Periodically, new presidents make a go at reforming the way government operates, making it more efficient, bringing in new ideas from the private sector. The trump administration is no exception to the rule. President Trump has established the White House Office of Innovation to bring in business ideas to various government departments and agencies and has set his son-in-law Jared Kushner to head it, according to the Washington Post.

The idea is that the new office will send in “SWAT Teams” into various parts of the government to bring the new ideas to implementation.

The plan is goal oriented, with the aim to solve a number of pressing problems, such as the mess at the VA and the growing opioid addiction epidemic. The new office will make quite a bit of use of technology and data to revamp the way government works.

One sure thing is that the federal bureaucracy is going to be resistant to change. It has seen reform efforts come and go and have proven to be adroit at fending off such efforts. The government is slow and slothful because it suits the people running it.

However, the Trump effort may be a bit different because the president is very goal and results oriented and past reform efforts have been process oriented. Trump wants to see, say, the military develop and procure weapons at a lower price than it has hitherto.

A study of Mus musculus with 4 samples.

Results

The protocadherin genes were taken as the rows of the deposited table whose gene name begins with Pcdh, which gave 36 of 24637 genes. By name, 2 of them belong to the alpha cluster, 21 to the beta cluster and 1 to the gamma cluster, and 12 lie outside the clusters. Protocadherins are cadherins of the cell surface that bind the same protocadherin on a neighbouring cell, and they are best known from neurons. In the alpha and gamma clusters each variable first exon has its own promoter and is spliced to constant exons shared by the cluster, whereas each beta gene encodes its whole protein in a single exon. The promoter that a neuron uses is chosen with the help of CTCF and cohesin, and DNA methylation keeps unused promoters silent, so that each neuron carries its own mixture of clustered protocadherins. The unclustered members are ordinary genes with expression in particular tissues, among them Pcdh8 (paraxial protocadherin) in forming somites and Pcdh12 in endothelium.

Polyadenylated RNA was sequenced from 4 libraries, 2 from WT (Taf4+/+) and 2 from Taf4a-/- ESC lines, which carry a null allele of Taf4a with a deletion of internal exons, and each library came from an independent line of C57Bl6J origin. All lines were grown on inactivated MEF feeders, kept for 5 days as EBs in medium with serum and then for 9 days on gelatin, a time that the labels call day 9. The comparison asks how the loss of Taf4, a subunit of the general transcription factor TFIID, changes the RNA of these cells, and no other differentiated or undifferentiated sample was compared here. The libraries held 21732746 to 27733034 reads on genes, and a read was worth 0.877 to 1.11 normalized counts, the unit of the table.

He wants to see fewer people hooked on heroin and OxyContin. The president wants to see veterans get the health care they need in a timely fashion. These and other goals will be the metrics against which the reform effort will be measured.

One thing that will hamper the reform effort is civil service rules regarding federal workers.

In his private business, if someone did not perform or was unresponsive to direction, Trump could glower at them and say, “You’re fired.” Under civil service rules, it is all but impossible to get rid of a federal bureaucrat. Trump is trying to move legislation that will allow agency heads to fire people at will, essentially making national service the same as employment in the private sector.

The federal bureaucracy and its allies in the media are fighting this attempt at reform tooth and nail, claiming that it would subject government workers to the whims of political appointees. But that, from Trump’s point of view, is the feature and not the bug. Without the whip hand of termination, the bureaucracy will continue to resist reform and do things the way it wants to and not, necessarily, for the good of the country.